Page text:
We investigate possible use of terahertz (THz) waves for medical ultrasound technique that can produce enhanced
contrast and resolution for achieving high quality and accuracy of biological tissues and human organs imaging for
medical applications. The use of THz is particularly suited for this application since THz waves radiate in tiny beams
that can focus high energy into micro tissues to produce large thermal-induced acoustic waves needed for enhanced
ultrasound imaging. The ability of confining radiation into tiny spots also makes THz well suited for certain technologies
such as endoscopic ultrasound to improve minimally invasive diagnostic medical procedures. We present two possible
systems for imaging biological samples and human body using a single source (or transmitter) that can generate THz waves at different frequencies concurrently along with multiple acoustic transducers and multiple antennas.
We discuss biomedical imaging using radio waves operating in the terahertz (THz) range between 300 GHz to 3 THz.
Particularly, we present the concept for two THz imaging systems. One system employs single antenna, transmitter and
receiver operating over multi-THz-frequency simultaneously for sensing and imaging small areas of the human body or
biological samples. Another system consists of multiple antennas, a transmitter, and multiple receivers operating over
multi-THz-frequency capable of sensing and imaging simultaneously the whole body or large biological samples. Using
THz waves for biomedical imaging promises unique and substantial medical benefits including extremely small medical devices, extraordinarily fine spatial resolution, and excellent contrast between images of diseased and healthy tissues. THz imaging is extremely attractive for detection of cancer in the early stages, sensing and imaging of tissues near the skin, and study of disease and its growth versus time.
We present a technique for measuring human's heart beat and blood flow. The technique is based on interferometry at
radio frequency (RF) and can produce very fine resolution and fast response. RF interferometry is a process detecting
the change of phase and capable of resolving any physical quantity being measured within a fraction of the operating
wavelength. It has relatively faster system response time than other techniques due to the fact that it is typically operated
with a single-frequency source rather than across a frequency range. In measurement of heart beat and blood flow in the
human body, a RF signal is used as the irradiating source and the change of the phase of the return signal over time is
detected in the signal processing. This phase change is processed to extract the Doppler frequency shift used for
calculating the heart beat or blood flow. Accurate wireless non-contact measurement of human's heart beat and blood
flow with RF interferometry will advance the practice of medicine and promise substantial benefits to patients and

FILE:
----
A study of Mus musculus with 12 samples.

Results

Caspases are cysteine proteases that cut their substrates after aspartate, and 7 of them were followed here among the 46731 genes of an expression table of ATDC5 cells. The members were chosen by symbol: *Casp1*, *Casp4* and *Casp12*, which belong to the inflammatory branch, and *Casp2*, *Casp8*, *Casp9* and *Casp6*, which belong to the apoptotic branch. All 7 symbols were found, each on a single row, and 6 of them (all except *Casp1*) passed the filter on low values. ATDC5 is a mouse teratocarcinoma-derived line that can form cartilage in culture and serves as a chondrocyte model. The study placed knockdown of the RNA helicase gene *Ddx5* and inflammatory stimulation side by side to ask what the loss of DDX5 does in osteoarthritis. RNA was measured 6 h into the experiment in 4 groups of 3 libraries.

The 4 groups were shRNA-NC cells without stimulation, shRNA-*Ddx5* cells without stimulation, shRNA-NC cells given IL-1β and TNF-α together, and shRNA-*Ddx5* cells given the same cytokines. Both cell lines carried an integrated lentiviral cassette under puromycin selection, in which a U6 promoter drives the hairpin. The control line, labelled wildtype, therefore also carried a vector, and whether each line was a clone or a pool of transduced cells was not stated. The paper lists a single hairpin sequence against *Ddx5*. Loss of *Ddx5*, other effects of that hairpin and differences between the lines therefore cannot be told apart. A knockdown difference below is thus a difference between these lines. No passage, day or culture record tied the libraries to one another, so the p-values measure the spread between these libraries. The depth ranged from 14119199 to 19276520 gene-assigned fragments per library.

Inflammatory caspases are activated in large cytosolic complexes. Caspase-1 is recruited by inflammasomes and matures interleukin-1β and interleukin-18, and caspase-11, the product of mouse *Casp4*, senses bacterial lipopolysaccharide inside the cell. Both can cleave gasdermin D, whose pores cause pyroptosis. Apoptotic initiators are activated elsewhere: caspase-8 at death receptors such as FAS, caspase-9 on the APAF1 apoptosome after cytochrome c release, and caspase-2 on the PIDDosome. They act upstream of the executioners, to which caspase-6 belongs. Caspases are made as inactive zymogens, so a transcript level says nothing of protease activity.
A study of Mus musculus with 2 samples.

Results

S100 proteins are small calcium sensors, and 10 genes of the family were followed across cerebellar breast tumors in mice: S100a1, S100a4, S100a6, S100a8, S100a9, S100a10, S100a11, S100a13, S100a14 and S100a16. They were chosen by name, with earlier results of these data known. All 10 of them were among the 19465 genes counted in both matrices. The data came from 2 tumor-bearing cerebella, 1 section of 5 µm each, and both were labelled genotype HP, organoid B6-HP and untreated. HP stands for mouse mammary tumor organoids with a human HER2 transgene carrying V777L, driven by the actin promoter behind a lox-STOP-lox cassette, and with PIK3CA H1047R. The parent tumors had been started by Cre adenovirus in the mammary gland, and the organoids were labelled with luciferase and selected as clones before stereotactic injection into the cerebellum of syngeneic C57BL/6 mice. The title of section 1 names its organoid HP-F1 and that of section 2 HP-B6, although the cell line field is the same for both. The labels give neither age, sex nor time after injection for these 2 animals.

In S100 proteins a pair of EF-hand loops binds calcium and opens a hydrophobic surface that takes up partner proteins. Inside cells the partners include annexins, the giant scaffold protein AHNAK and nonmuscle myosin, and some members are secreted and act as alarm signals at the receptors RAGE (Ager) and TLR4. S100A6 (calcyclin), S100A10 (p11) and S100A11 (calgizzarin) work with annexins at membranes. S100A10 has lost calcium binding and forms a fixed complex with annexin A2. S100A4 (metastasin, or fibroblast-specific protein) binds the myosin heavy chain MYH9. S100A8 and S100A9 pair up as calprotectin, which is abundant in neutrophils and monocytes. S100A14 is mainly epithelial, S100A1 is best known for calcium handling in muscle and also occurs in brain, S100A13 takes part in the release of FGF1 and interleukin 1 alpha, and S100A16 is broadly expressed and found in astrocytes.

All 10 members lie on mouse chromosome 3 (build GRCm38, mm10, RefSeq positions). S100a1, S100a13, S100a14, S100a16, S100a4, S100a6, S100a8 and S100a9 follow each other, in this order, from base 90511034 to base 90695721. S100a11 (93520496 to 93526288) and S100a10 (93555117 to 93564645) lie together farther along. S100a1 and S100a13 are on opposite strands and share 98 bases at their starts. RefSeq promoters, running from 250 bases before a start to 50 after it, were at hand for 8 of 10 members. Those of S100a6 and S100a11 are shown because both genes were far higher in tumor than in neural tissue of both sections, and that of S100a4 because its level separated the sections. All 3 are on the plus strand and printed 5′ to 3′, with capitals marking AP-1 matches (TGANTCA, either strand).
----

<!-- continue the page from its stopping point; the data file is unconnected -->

We present a technique for biomedical imaging without radiation. The technique is based on the principles of thermal
radiation and RF radiometry, which can be used to generate tomographic images for medical diagnosis such as early
detection of breast cancer. Thermal radiation refers to the blackbody radiation emitted by matter, which extends all
through the electromagnetic spectrum. By wirelessly measuring this thermal radiation transmitted by the patient's body
and internal tissues at RF frequencies using RF radiometry, a mapping of the temperature distribution can be established,
from which information such as images of the body and internal tissues can be formed. Biomedical imaging using RF
radiometry is valuable for biomedical imaging applications as it promises to retain the full benefits of RF imaging
without exposing patients to radiation, thus benefiting not only patients but also health-care professionals and industries.
We present several techniques utilizing radio-frequency identification (RFID) technology for personal health monitoring.
One technique involves using RFID sensors external to the human body, while another technique uses both internal and
external RFID sensors. Simultaneous monitoring of many patients in a hospital setting can also be done using networks
of RFID sensors. All the monitoring are done wirelessly, either continuously or periodically in any interval, in which the
sensors collect information on human parts such as the lungs or heart and transmit this information to a router, PC or
PDA device connected to the internet, from which patient's condition can be diagnosed and viewed by authorized
medical professionals in remote locations. Instantaneous information allows medical professionals to intervene properly
and timely to prevent possible catastrophic effects to patients. The continuously monitored information provides medical
professionals more complete and long-term studies of patients. All of these result in not only enhancement of the health
treatment quality but also significant reduction of medical expenditure. These techniques demonstrate that health
monitoring of patients can be done wirelessly at any time and any place without interfering with the patients' normal
activities. Implementing the RFID technology would not only help reduce the enormous and significantly growing
medical costs in the U.S.A., but also help improve the health treatment capability as well as enhance the understanding
of long-term personal health and illness.